Enterprise Heavyweights Team Up for Wireless Standards
Support for the Open Mobile Architecture
Because mobile phones have smaller screens and reducedprocessing power, pushing tools to users via the airwaves can be tricky. Inresponse, a consortium of enterprise vendors have announced they will support theOpen Mobile Architecture initiative to standardize Wireless applications andplatforms.
The initiative is backed by a number of heavy-hittersacross the enterprise IT industry, including application server vendor BEASystems Inc, handset manufacturer Nokia, development tool vendor BorlandSoftware Corp., Oracle, and diversified companies IBM, HP, and SunMicrosystems. Because of their weight in the industry, the consortium’sstandard is likely to fare well against vendors selling proprietary solutionssuch as Microsoft Corp.
The vendors agreed to support wireless extensions toSun’s J2EE Java specification. The extensions enable applications to interfacewith mobile phones, taking into account the limitations of the small devices.In addition to Java, the specification uses the WAP 2.0, MMS (MultimediaMessaging Service) and SyncML standards.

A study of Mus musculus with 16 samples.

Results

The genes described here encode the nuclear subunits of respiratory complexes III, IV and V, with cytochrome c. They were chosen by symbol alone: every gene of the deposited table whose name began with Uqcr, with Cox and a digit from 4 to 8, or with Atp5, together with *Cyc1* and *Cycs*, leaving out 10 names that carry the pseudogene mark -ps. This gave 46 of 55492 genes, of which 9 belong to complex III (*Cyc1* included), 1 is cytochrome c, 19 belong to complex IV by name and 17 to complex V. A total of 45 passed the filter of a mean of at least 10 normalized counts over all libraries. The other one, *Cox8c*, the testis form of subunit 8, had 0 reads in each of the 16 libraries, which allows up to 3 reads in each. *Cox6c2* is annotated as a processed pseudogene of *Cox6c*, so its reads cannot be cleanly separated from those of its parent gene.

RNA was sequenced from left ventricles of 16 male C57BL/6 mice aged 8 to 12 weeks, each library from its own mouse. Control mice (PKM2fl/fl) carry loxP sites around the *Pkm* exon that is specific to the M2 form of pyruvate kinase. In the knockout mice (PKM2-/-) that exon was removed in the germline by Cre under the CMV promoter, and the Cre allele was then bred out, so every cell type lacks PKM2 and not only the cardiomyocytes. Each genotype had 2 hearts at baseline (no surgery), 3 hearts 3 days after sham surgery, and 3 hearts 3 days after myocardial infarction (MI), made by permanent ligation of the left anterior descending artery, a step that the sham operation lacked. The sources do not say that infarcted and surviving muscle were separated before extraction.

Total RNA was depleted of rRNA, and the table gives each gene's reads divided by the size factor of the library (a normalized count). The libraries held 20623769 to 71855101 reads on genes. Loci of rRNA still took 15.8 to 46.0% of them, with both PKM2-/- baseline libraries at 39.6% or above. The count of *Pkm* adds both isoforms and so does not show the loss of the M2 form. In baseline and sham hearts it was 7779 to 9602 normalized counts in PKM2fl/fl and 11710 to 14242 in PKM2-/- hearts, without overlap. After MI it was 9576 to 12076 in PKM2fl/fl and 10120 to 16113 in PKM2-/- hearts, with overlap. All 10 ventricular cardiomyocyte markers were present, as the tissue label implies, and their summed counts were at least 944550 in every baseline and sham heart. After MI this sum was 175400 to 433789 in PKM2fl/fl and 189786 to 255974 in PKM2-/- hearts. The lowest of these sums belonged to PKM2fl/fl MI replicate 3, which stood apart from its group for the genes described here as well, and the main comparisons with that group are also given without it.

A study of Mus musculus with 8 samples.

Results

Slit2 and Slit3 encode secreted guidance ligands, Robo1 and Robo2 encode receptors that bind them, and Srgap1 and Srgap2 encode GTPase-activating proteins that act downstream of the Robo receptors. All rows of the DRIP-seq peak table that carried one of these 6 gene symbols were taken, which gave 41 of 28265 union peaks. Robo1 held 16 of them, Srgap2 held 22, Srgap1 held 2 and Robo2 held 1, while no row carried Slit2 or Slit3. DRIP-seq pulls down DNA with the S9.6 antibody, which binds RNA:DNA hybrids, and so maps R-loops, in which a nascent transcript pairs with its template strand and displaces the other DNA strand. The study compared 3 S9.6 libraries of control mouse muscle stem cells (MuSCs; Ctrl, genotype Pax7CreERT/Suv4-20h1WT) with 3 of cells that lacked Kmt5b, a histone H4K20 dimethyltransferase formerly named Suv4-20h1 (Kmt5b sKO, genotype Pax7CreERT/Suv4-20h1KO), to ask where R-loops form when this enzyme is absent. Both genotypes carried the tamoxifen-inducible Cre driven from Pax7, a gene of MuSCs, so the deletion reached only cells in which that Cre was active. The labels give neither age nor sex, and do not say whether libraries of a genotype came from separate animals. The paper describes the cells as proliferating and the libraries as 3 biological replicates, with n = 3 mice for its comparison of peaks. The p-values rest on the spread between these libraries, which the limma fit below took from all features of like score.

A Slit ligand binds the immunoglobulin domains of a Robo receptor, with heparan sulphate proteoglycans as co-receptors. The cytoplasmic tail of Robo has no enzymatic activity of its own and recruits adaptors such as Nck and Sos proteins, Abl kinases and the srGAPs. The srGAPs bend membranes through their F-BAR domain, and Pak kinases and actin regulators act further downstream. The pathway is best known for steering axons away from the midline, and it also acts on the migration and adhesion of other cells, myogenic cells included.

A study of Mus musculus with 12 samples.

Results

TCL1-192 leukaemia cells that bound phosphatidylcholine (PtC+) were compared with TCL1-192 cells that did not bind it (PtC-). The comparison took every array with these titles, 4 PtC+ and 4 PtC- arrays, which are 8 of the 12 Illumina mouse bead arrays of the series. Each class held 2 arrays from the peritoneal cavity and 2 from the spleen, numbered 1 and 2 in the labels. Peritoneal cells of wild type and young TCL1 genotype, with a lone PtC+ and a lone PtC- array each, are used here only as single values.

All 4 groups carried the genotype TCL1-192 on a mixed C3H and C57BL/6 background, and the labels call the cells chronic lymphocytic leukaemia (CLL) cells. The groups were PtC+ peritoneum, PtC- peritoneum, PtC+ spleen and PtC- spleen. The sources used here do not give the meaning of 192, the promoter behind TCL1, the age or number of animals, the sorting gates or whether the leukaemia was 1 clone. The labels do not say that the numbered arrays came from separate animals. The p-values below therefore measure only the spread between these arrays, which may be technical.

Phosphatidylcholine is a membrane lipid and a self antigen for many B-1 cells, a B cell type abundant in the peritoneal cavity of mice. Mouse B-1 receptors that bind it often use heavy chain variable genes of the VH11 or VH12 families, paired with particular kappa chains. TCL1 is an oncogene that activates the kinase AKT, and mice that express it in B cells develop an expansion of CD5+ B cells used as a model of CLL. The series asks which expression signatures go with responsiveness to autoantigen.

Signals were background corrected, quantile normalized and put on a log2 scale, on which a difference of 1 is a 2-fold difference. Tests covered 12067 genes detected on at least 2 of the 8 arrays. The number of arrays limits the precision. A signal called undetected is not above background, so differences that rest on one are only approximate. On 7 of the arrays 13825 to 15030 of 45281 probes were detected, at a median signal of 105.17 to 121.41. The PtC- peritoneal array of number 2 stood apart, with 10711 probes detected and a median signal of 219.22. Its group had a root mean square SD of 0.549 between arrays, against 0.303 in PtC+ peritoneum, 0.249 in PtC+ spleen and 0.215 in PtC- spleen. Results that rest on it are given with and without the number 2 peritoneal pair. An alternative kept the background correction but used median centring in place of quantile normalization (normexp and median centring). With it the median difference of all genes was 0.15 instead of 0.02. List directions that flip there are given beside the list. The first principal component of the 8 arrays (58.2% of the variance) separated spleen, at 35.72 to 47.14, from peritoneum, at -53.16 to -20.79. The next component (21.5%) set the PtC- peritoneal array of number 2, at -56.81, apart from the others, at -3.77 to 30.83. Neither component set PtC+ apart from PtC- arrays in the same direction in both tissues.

When set, the spec will enable enterprises to createserver-side applications running on J2EE application servers that can be pushedout to mobile phones. With the new extensions, developers will not have torewrite routines to have the applications interface with phones. Instead,developers can use the extensions as prefab pieces of code.
The standard extensions have not been set yet – theannouncement simply states the vendors are working together to create extensionbased on a set of mobile specifications. Developers will create extensions forthe application server, and then submit them to the Java Community Process forreview. Although Sun initially developed the Java spec, it now opens thestandards to the wider development community.
Acknowledging 3G’s difficulties, the consortium hasplanned the specification around a number of mobile environments, including thecurrent GSM/GPRS standard, which lacks the bandwidth and sophistication of 3G.
Chris McConnell is Product and Technology Editor for Enterprise Systems.